AAA Travel Tips & Articles / Seattle Off the Beaten Path

Seattle Off the Beaten Path

AAA/Katie McPhee
By AAA Travel Editor Katie McPhee
July 09, 2018
Historic skyscrapers, scenic beaches, an under-the-bridge troll and a university library that bears a striking resemblance to Harry Potter’s Hogwarts—there are more things to see in Seattle than just the Space Needle and other typical tourist attractions. Follow this guide to discover some of the top things to do in Seattle that are off the beaten path.
sightseeing, landmark, weird, bridge, photo spot
AAA/Katie McPhee
Fremont Troll
N. 36th Street & Troll Avenue N.
(206) 632-1500
Head to the Fremont neighborhood for a taste of Seattle’s fun and quirky public art. Tucked under the north end of the Aurora Bridge is the Fremont Troll, a massive mixed-media sculpture inspired by the “Three Billy Goats Gruff” fairy tale and created by local artists Steve Badanes, Will Martin, Donna Walter and Ross Whitehead. Though he looks menacing—with a Volkswagen Beetle clutched in one hand and a shiny hubcap for an eye—the troll is friendly to visitors and is a popular place to snap a quick photo. You’ll also find tons of nearby places to eat in Fremont that are off the beaten path.
Wikimedia / CC BY SA /WikiPedant
Gas Works Park
2101 N. Northlake Way
(206) 684-4075
Grassy hills, waterfront views and…rusted gas plant machinery? The site of a former coal gasification plant (used to manufacture gas from coal) may seem an unlikely place for recreation, but Gas Works Park retains its steampunk charm and provides stunning vistas of Lake Union and the surrounding Seattle suburbs. The machinery makes for a unique photo op and puts this park on the list of fun things to do in Seattle that are off the beaten path.
8498 Seaview Pl. N.W.
(206) 684-4075
Relax on a quiet, sandy beach at Golden Gardens Park, one of the best things to do in Seattle at sunset. Though it’s a bit of a drive to get there (about 8 miles from downtown), the park offers uninterrupted views of Puget Sound and the Olympic Mountains. Wetlands, forest trails, a playground and a bathhouse are on the grounds, and beach fire pits are available for use in the evenings. Visit on a weekday to avoid any potential crowds, especially during summer months.
AAA/Katie McPhee
Seattle Central Library
1000 Fourth Ave.
(206) 386-4636
If you’re into architecture, don’t miss a walk through Seattle Central Library, part of The Seattle Public Library system. Opened in 2004 with a price tag of $165.5 million, the downtown location occupies an entire city block and features a striking, futuristic design by Dutch architect Rem Koolhaas. Enter via Fifth Avenue to see the light-filled “Living Room” with its soaring ceiling, then proceed up the chartreuse escalators to check out the other floors. A self-guiding cellphone tour shares facts and information at 20 different stops around the building. It’s one of the few downtown Seattle activities with no admission fee (and plenty of air-conditioning).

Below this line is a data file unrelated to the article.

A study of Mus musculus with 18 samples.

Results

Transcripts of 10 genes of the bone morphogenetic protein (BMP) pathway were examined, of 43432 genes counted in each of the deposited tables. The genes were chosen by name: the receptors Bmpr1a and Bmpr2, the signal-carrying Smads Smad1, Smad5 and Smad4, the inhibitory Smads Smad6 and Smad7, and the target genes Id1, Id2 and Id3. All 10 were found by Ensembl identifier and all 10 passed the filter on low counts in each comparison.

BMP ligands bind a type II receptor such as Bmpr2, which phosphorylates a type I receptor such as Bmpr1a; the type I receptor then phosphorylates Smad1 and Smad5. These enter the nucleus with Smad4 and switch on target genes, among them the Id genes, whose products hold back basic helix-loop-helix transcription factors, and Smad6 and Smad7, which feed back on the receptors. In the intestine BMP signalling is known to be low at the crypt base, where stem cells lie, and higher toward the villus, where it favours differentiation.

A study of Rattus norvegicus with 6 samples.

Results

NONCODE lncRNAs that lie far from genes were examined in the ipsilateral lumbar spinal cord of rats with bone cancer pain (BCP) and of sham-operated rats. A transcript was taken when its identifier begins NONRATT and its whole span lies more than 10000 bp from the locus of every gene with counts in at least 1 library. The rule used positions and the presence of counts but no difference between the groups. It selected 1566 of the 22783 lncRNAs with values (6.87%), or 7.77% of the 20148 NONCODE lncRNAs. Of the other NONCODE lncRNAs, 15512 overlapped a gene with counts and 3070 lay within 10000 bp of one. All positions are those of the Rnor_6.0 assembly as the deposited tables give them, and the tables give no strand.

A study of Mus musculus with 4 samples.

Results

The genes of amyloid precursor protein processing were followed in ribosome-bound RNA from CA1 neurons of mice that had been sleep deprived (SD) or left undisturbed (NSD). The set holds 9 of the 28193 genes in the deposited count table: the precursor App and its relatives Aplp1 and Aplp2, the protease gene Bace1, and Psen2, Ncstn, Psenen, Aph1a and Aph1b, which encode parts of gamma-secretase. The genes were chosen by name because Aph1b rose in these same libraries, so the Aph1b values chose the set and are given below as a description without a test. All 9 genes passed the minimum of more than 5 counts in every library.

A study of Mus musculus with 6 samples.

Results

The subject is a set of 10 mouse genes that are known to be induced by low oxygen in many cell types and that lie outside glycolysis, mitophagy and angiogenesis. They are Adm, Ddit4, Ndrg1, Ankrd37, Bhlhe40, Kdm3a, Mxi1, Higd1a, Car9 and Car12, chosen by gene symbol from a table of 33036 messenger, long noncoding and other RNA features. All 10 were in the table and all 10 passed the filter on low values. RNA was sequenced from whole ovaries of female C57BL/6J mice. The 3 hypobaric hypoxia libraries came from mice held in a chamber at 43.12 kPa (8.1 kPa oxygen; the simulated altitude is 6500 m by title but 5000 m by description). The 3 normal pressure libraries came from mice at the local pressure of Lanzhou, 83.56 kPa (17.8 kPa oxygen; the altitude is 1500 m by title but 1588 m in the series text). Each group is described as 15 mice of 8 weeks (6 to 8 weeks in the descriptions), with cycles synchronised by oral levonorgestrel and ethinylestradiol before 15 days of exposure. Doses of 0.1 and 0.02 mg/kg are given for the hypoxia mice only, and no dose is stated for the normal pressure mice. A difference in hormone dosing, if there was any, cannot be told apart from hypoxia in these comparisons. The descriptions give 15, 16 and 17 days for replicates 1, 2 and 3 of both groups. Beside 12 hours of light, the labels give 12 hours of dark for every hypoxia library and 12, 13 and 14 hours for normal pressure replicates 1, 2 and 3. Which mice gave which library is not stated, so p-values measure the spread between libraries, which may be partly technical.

AAA/Katie McPhee
Shop Local
The most popular place in Seattle to shop local is around Pike Place Market, where chain stores are almost non-existent. In addition to the dozens of independent shops housed inside the market, you can find locally made goods near the waterfront at Pike St. Press (1510 Alaskan Way), which stocks Northwest-themed letterpress cards, posters, vinyl stickers and stationery. In the Capitol Hill neighborhood, bookworms flock to The Elliott Bay Book Company (1521 10th Ave.) while the Starbucks Reserve Roastery & Tasting Room (1124 Pike St.) is a one-stop shop for beans, gifts and everything else related to the coffee giant.
The open-air observatory level at the Smith Tower in downtown Seattle, Washington.
AAA/Katie McPhee
Smith Tower
506 2nd Ave.
(206) 624-0414
Learn about the early-1900s movers and shakers who called Seattle home at the Smith Tower, said to be the oldest skyscraper in the city. Self-guiding tours take you through re-created offices and switchboard rooms and then up to the 35th floor observatory level via a manually operated elevator ride. At the top you’ll have 360-degree panoramas of the city and surrounding mountains from a caged, open-air deck as well as access to a speakeasy-themed cocktail bar.
AAA/Katie McPhee
University of Washington
1410 N.E. Campus Pkwy.
(206) 543-9198
Spend a few hours wandering the University of Washington campus, located just north of downtown. Beautiful scenery abounds, with rose bushes and cherry blossoms in spring adding pops of color to the Gothic buildings and red brick expanses on campus. One of the top things to see is the Reading Room at the Suzzallo Library; its striking resemblance to the Hogwarts’ Library has made the room into somewhat of a tourist attraction. To reach the Reading Room, enter the Suzzallo Library and proceed up the grand staircase to the third floor.
801 Alaskan Way (Pier 52)
(206) 477-3979
No visit to Seattle is complete without a boat ride on the icy-cool waters of Puget Sound. A cheap and off-the-beaten-path option is the King County Water Taxi, a passenger-only ferry that makes the trip across Elliott Bay to West Seattle in 15 minutes or less. Check the schedule online and embark at Pier 52; the fare is just $5.75 each way. Disembark in West Seattle to rent bikes, explore Alki Beach Park or check out the local restaurants. Tip: You’ll avoid most crowds if you visit on a weekday.